Case study 1: Maritime infrastructure
Port authority in the North of the Netherlands
Investigation of a MIC failure case in a marine/brackish harbor in The Netherlands. The quay wall consisted of an old part without and a new part with sacrificial anodes. Aim of the investigation was to find the root cause of failure of sheet pilings in the old part.
To this end a comprehensive failure analysis package was carried out on the structure:
- coupon investigation on corrosion damage,
- microbial analysis for corrosive organisms,
- chemical analysis of corrosion products,
- potential measurements and
- Wall thickness measurements.
Such approach will allow a thorough diagnosis and analysis for concluding if MIC is really the root cause of the damage observed. From this also proper recommendations can be given for mitigation of the problem.
After inspection of the quay wall potential and wall thickness measurements were performed. Next to it corrosion product samples were taken for microbial analysis and microbial related failure analysis (SEM-EDX and volatile sulfide determination).
Results showed that corrosion related microorganisms were frequently found in corrosion products scratched from the surface. Sulfur was found in corrosion products indicating possible activity of SRB directly at the damaged surface and detection of gaseous sulfide from corrosion product samples confirmed this. Potential measurements showed variable values between -0.7 and -1.02 V vs sat Ag/AgCl. Sacrificial anodes were placed only on the new part of the structure (D1).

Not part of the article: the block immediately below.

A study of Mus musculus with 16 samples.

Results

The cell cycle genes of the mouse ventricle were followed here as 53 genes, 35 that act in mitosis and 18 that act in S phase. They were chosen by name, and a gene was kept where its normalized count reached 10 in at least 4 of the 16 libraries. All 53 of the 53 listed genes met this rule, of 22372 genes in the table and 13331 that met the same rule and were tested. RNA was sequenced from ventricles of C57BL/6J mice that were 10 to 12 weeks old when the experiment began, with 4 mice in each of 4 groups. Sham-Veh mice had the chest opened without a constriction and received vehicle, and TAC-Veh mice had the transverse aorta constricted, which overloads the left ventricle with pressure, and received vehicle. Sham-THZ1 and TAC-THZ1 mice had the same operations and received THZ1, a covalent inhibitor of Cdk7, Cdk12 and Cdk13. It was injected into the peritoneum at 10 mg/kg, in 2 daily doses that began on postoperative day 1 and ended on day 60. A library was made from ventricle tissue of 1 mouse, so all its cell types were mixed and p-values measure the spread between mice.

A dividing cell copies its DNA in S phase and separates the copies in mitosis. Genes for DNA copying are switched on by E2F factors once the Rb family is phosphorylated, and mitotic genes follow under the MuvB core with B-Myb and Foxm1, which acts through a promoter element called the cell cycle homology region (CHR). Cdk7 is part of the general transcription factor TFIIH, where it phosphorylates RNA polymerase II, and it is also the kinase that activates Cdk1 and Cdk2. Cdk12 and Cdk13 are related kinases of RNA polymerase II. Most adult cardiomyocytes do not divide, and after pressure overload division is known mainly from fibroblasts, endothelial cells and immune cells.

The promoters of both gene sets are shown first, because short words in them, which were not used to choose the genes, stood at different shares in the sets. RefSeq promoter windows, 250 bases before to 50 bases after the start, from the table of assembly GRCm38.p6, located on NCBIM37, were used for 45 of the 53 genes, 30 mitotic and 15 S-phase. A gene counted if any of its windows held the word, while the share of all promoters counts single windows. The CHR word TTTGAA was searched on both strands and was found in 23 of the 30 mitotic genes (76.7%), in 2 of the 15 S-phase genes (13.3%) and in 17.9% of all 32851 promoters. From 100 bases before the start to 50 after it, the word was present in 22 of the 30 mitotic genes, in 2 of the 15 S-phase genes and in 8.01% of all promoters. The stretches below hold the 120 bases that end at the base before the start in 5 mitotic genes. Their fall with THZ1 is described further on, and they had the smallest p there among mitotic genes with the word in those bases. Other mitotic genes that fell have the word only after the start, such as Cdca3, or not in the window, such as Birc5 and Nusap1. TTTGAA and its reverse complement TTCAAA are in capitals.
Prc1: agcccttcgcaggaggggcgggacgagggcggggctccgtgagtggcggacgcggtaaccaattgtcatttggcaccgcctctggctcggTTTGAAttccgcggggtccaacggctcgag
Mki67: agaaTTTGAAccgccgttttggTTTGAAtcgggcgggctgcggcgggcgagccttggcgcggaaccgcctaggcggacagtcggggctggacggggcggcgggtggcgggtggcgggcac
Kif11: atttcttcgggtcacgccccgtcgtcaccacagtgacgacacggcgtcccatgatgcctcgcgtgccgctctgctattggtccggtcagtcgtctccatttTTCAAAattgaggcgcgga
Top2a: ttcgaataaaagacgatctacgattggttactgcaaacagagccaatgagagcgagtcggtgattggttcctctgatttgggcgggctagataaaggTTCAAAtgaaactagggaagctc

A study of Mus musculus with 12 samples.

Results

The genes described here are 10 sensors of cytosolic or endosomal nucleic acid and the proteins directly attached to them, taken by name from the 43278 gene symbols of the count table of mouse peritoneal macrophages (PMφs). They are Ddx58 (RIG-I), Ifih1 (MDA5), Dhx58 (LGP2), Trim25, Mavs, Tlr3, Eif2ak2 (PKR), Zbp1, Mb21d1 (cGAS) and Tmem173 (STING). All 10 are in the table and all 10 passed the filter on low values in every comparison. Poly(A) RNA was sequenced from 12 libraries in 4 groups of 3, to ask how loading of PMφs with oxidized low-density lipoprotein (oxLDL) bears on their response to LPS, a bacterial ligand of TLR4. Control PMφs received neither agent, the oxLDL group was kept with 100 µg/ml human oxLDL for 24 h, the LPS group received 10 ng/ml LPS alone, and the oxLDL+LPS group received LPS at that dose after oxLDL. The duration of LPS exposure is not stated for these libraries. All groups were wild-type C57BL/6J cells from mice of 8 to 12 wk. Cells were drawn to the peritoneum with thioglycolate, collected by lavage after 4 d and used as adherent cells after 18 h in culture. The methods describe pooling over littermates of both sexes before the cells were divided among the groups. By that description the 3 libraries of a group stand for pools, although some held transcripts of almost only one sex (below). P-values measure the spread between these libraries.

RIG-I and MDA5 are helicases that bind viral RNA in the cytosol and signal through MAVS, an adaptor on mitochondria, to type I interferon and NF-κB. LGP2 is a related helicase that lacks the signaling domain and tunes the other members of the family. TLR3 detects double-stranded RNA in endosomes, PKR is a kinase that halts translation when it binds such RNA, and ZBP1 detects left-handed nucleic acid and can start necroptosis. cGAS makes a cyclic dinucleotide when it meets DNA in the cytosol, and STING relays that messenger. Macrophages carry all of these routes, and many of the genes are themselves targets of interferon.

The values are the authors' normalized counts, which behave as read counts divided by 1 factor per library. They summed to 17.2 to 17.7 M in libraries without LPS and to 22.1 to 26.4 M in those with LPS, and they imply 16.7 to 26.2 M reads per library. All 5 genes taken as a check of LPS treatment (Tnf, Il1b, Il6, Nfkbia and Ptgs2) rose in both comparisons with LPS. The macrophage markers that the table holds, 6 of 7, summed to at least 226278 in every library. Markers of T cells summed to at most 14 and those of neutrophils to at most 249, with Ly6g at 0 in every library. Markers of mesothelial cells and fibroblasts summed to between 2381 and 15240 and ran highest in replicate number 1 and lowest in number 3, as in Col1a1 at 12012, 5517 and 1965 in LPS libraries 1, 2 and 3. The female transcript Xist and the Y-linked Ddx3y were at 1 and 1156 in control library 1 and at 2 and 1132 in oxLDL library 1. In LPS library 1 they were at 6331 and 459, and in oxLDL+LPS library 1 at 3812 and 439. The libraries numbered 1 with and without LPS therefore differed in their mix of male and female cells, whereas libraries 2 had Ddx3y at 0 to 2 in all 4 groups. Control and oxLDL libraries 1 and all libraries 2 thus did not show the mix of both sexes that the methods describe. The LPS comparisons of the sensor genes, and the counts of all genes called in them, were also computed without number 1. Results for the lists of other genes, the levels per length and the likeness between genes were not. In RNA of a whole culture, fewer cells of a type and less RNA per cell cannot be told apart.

Along the older part the potential was not low enough, resulting in severe corrosion damage and large perforations whereas the new part was adequately protected by the sacrificial anodes.
All this leads to the conclusion that MIC plays a role in the observed damage of the quay wall structure and that the part where anodes are installed are protected against microbial activity if the potential is lower -0.9 V vs sat Ag/AgCl .
The old structure should be cleaned and sacrificial anodes should be placed as well on the old parts of the quay wall until it will be renewed in future. Potential should be monitored and a value lower than -0.9 V vs sat Ag/AgCl should be present to protect the structure at the inspected location under the given environmental circumstances.
Case study 2: Fast corrosion and unexpected mass loss of quay walls in a harbor structure
Harbor and infrastructure administrator, engineering bureau
A visual inspection of a quay wall indicated that microbial-induced corrosion was involved in pitting damages. Adjacent to the holes, corrosion products were found consisting of brown-blackish layers which could easily be removed from the steel surface. The steel was shiny underneath. A combined approach of microbial analysis (MPN, q-PCR) and corrosion failure analysis (cross sections, SEM-EDX) was used to identify and quantify any microorganisms present as well as their activity causing MIC damages. Additionally, the possibility for other corrosion mechanisms was investigated.
Due to the application of different techniques (potential measurements, cross sections, microscopy) corrosion mechanisms such as stray current, could be excluded for the specific structure. However, presence of corrosion-relevant microorganisms was confirmed. Based on this data combined with the results gained from the failure analysis, MIC was detected as the corrosion mechanism that resulted in fast localized corrosion. The end result was holes several diameters wide scattered over the structure.